Wednesday, February 13, 2013

Our Changing World

I can almost breathe this morning. It's very exciting. I'm so very sick of being sick. Back-to-back colds with just a few healthy days in between is no fun. The worst thing was that Television Without Pity was down for the past couple of days -- on days when I didn't have any serious work to do and didn't feel like doing much of anything. They need to go down again on some day when I need to be productive.

The other morning as I was lying in bed, sort of awake but still coming out from under the effects of cold medicine, I found myself thinking. We used to talk about how much the world changed during my grandfather's lifetime -- he was born in the late 1800s and died in the early 1990s, so in his childhood, horse and buggy was still the primary means of transportation, but before he died, men had walked on the moon and voyages into space had become routine. And then it struck me how much the world has changed just during my adulthood. During my office clean-out project, I was purging old files, which included things I'd clipped and saved from my first job out of college. Most of that got trashed because it's all information that's readily available online, but I'd saved it at the time because that was how you saved information then.

Just during my adulthood, communication has changed entirely. Then, only the very rich might have a car phone. The day I moved into this house, I had to run to the fast food place on the corner to use a pay phone when the movers didn't show up and I'd already transferred the phone service to the new place. Now even children have smart phones that are essentially pocket computers. We have access to any information we need, at any time, from a device that fits in our pockets. When I left college, the Internet was something only the serious geeks at academic or government institutions were into. Now it's just part of the fabric of daily life. It's how we communicate with our friends, look up information, do business, pay bills and buy stuff.

And then I started thinking of how buying books has changed. When I was in college and for a few years afterward, just about every mall had a Waldenbooks or a B. Dalton. They were small stores without a great selection -- the science fiction section was probably about the size of my science fiction section at home -- but they did get in most of the new releases, and they might have a copy of each earlier book in a series when the new one came out. For more depth, there were a few Bookstops in the area -- a no-frills forerunner of the superstore. We also had a local independent chain, but I seldom shopped there because they weren't big on genre fiction and were openly snooty if you bought something they didn't approve of. If there was a book I was suddenly possessed of an urgent desire for, it could require a journey around town to search for it. I'd hit the Bookstops first because they usually had a bigger selection, they were 10 percent off the cover price, and if you had their card you got an even bigger discount. Then I'd hit the mall stores and finally the local chain, steeling myself for the insults at the checkout. There were a few other mom-and-pop bookstores that sold mostly used books but that would have new releases of mostly romances at the front of the store.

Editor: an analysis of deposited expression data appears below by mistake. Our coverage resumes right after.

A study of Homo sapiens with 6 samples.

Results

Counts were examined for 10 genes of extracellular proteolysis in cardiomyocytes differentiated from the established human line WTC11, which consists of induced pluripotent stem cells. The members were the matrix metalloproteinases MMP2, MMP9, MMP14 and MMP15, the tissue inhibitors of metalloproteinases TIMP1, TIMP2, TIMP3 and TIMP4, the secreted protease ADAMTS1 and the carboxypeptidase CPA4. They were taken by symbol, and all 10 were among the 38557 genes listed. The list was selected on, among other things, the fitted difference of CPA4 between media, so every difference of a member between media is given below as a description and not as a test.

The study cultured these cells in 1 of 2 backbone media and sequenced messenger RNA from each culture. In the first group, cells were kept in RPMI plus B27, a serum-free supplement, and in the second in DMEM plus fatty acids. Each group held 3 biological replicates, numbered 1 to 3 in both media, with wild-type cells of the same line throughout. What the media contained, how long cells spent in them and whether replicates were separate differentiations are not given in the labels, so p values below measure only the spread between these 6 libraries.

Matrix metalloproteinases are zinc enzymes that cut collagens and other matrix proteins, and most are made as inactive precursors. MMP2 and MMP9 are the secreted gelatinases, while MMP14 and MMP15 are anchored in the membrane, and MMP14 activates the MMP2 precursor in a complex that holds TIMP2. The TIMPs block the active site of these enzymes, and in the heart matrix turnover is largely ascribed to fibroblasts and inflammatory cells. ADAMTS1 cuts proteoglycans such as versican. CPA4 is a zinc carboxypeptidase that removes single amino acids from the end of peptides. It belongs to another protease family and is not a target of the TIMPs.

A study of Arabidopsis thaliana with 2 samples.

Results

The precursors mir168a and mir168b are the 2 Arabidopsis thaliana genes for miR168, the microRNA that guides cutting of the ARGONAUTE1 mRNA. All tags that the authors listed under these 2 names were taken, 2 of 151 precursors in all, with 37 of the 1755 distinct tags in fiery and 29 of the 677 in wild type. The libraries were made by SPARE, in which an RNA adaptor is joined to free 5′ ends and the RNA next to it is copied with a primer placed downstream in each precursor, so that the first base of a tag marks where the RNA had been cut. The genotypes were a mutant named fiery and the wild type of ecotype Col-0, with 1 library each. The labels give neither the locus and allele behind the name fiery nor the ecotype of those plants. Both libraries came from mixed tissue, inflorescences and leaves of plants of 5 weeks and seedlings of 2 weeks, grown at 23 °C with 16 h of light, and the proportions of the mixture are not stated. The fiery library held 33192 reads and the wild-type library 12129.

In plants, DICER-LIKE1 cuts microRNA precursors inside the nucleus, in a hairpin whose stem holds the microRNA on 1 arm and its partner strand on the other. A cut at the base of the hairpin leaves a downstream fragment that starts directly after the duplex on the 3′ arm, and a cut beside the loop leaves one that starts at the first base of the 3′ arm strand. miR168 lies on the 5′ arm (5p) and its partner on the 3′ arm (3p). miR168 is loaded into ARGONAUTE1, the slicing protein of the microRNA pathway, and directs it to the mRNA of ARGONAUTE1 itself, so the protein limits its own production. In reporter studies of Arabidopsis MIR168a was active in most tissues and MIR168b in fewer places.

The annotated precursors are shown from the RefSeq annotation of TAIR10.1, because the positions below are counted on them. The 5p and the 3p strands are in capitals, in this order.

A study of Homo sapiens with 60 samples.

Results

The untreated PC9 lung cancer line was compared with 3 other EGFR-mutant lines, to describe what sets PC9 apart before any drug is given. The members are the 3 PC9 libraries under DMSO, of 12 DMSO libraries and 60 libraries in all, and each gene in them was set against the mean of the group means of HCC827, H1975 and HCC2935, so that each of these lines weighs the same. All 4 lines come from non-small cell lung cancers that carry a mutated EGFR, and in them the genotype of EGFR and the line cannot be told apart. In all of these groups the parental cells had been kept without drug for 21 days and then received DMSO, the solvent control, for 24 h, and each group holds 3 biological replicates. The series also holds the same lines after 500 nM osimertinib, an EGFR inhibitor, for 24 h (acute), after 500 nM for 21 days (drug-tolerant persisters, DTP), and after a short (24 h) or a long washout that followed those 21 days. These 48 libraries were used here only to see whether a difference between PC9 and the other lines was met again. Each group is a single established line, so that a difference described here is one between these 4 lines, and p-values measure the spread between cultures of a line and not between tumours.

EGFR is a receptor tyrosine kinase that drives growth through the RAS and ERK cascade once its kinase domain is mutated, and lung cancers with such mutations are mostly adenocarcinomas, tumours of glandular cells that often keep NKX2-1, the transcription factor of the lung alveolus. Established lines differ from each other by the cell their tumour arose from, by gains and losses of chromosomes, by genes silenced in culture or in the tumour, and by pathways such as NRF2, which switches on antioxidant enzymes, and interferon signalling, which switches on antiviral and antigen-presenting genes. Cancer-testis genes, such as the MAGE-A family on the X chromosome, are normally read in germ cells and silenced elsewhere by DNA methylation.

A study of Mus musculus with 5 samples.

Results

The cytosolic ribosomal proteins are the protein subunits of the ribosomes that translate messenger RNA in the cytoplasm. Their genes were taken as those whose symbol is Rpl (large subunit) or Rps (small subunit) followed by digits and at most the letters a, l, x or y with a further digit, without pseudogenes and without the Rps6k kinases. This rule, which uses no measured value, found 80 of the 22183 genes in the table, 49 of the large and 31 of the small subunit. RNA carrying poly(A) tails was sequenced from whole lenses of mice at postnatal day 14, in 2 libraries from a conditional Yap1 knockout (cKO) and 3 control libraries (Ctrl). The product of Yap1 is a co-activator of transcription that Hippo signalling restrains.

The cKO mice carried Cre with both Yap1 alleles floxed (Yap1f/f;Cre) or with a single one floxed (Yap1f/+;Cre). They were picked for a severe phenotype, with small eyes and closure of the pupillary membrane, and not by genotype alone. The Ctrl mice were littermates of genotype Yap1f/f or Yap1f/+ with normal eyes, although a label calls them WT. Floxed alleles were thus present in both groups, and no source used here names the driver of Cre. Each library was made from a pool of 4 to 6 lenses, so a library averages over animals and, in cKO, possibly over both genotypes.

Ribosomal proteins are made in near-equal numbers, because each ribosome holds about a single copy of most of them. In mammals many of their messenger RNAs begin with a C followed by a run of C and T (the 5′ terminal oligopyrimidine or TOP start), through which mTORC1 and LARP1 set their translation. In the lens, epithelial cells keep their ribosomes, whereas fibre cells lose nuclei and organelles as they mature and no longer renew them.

They opened the first Barnes & Noble in our area in the early 90s. I remember being in awe when I went to an event at one with some writer friends. They had a restaurant in a bookstore! It was amazing. I felt so very sophisticated having writerly discussions with my writer friends as we sipped cappuccino in a bookstore (it was my first cappuccino, and I was somewhat disappointed to find that I didn't like it, but that shouldn't have been a surprise because I don't like coffee). There were writers who had all kinds of doom-and-gloom predictions about superstores, though I never entirely understood them because they had much more depth than the mall stores. As more of those stores opened and as the Borders also moved into town, the Bookstops were closed, as were all the mall stores. The local chain went under. But it did become easier to find any particular book I was dying to get my hands on, especially when they opened a B&N just down the street. For a while, the bookstore was the center of my social life. I was in book groups there, and that was where I'd meet up with friends.

Somewhere along the way, Amazon showed up, and suddenly it was easy to get any book. It took me a long time to get on board because I liked the process of going to a store and buying the book right then instead of waiting for it to be delivered. But then the chains started getting weird about what they ordered, so they were less likely to have the books I wanted, and then they started closing the chain stores. They closed my nearest Borders, then the whole chain went under, and now they've closed my neighborhood B&N. Meanwhile, e-readers and e-books have taken off like crazy. I haven't jumped on board as a reader yet, but it's definitely changed the way books are sold. With a reader, you can get that instant gratification without driving all over town to find that one particular book.

And that's how the world's changed in the past 20 years -- from lots of places to buy books to just a few, but with the ability to get any book delivered to your home in just a few days or delivered instantly to a device. That also means that there are more options for authors -- for good or for bad. There are ways to get your book in the hands of readers without going through a publisher, but that also means the supply of books is less curated. That means a lot more choices that aren't so strictly defined by mass tastes, but it also means quality control can be iffy.

I trashed a lot of publishing industry and writing advice stuff I'd filed because it's no longer relevant.